Don’t Trust Your Memory!

While this Slate article uses the recent news about Brian Williams as a hook, I think the advice it gives is very useful for anthropologists doing fieldwork. Whatever you think about Brian Williams, there is more and more evidence that human memories can’t be trusted. This is important for anthropologists who often rely upon their memories as a research tool. The article gives some good advice for avoiding that problem, much of which most anthropologists are probably already doing (keeping notes!) but it helps make clear just how important these practices are.

After decades of well-documented, prominent cases of memory distortion, people whose professions put a premium on facts and truth—journalists, politicians, business leaders, judges, lawyers, and public figures—should be aware of these limits. In fact, they have a responsibility to understand the fallibility of their memories and to take steps to minimize memory mistakes. If you are relying exclusively on your own memory when saying anything of consequence, especially when someone’s reputation is at stake, you must think twice.

I especially like the point that our most vivid and frequently recalled memories may be the most subject to distortion because “each recounting has the potential to introduce new distortions.” Worth keeping in mind!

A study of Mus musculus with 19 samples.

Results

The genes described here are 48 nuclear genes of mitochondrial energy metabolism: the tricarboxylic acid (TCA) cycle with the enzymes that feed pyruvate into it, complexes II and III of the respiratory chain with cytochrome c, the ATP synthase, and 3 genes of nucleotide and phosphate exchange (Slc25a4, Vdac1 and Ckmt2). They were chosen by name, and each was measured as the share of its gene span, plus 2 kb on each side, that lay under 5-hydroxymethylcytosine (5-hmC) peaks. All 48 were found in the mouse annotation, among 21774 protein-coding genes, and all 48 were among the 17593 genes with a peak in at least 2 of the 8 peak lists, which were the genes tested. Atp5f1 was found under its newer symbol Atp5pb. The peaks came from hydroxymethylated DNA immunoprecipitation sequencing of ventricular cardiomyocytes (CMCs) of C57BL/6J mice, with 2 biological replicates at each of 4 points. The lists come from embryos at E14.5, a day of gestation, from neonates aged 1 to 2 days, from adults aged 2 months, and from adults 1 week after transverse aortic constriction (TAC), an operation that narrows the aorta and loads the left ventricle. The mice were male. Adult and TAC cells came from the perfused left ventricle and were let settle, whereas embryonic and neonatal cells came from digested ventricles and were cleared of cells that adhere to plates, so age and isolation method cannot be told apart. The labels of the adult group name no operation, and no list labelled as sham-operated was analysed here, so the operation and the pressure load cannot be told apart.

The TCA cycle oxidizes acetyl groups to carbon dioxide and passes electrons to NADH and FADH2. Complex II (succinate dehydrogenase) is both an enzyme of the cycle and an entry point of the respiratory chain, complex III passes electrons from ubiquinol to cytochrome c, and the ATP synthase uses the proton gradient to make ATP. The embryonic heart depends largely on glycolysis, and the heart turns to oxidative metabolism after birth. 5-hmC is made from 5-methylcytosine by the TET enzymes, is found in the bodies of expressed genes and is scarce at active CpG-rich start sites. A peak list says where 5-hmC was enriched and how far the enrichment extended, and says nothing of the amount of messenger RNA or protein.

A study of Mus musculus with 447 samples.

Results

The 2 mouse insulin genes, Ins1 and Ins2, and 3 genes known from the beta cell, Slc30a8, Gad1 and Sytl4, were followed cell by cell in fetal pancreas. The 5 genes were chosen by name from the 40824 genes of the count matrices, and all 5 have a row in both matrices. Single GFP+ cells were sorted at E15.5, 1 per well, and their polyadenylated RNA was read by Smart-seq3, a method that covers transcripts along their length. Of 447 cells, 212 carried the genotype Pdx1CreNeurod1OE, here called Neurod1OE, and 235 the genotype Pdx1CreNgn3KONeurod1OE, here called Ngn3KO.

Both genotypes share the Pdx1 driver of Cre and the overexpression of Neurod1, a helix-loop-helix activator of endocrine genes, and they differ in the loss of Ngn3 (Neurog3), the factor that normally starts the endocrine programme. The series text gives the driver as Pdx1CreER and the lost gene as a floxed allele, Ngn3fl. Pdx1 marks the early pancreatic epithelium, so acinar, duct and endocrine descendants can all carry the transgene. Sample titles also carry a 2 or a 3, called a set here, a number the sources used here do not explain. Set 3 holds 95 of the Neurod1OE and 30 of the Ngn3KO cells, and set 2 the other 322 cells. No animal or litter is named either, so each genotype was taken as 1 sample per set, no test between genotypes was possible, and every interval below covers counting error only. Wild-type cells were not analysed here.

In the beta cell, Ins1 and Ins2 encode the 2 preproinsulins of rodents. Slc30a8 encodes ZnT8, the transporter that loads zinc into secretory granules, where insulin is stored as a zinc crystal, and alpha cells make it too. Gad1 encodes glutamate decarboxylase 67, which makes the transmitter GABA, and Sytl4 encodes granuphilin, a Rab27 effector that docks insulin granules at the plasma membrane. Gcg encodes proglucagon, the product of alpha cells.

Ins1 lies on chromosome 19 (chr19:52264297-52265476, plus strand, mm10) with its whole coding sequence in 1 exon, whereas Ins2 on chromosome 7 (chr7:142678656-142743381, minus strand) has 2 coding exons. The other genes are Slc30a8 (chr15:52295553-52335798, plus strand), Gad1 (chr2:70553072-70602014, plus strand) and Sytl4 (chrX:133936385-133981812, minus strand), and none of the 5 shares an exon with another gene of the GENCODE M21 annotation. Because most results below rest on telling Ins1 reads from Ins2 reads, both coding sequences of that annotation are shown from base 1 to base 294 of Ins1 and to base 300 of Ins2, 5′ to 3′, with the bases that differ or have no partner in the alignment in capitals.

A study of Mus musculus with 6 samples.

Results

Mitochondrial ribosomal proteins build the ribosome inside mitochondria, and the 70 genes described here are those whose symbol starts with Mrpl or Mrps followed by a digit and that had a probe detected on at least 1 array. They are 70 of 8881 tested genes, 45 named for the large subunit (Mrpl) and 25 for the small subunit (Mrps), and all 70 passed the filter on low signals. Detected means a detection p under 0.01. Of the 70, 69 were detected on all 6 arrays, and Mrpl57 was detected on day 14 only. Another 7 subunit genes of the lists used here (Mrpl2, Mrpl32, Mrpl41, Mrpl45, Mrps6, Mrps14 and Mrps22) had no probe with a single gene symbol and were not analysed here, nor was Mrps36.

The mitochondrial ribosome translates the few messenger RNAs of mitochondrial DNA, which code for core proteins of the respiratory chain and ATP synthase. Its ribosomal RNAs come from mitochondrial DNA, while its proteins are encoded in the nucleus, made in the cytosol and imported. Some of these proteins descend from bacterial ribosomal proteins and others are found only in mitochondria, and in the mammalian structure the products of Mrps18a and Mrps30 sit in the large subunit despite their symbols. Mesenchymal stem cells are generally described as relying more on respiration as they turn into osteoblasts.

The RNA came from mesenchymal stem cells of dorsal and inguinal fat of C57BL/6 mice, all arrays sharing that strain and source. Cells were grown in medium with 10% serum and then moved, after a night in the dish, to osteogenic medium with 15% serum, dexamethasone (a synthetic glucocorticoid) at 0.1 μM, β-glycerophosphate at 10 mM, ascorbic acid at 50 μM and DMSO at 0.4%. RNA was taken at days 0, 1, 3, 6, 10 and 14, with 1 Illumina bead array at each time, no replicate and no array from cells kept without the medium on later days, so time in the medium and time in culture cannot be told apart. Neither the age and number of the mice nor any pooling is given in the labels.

3 thoughts on “Don’t Trust Your Memory!

  1. As Kerim brings forward, the role of memory as a research tool if fraught with pitfalls. If I may indulge, I wish to go a bit off topic. What about our electronic memory: video, recordings, twitter messages and so on? Looking back on old photographs, I find a unique bifurcation of my recall in that such photos elicit emotional responses, while struggle at times with placing when or where the photo was taken. Memory is unique in always being meaningful ( a very Borgesian view).
    Memory loss, therefore, is also an aspect of the pitfalls of memory. Recently Google has raised the issue of what should be done with an individual’s Facebook page should that individual die. The “nuclear” option was to erase the entire page. This not only sounds extreme, but it does sound an option to the question of ,”If I die, who curates my page, and, hence, my electronic memory?” If artifacts from museums should be returned, should not electronic memories/artifacts?
    One of the conditions of memory (false or accurate) is that it distances the “remembered” from the “agent of memory”. From a positivist point of view, memory recall becomes a question of truth statements. Facticity becomes the issue (an issue for cognitive anthropologists). However, ethnographies as narrative discourses complicate the matter of memory. Simplistically, we might ask to whom do we ascribe the memory; complexly, how is memory ascribed (to informant, narrator, author, editor). How might ascription of memory in the process of ethnographic writing rarefy memories until they become specimens of ideas or constructed artifacts applied in classroom settings (I recall the !Kung film of hunting the giraffe).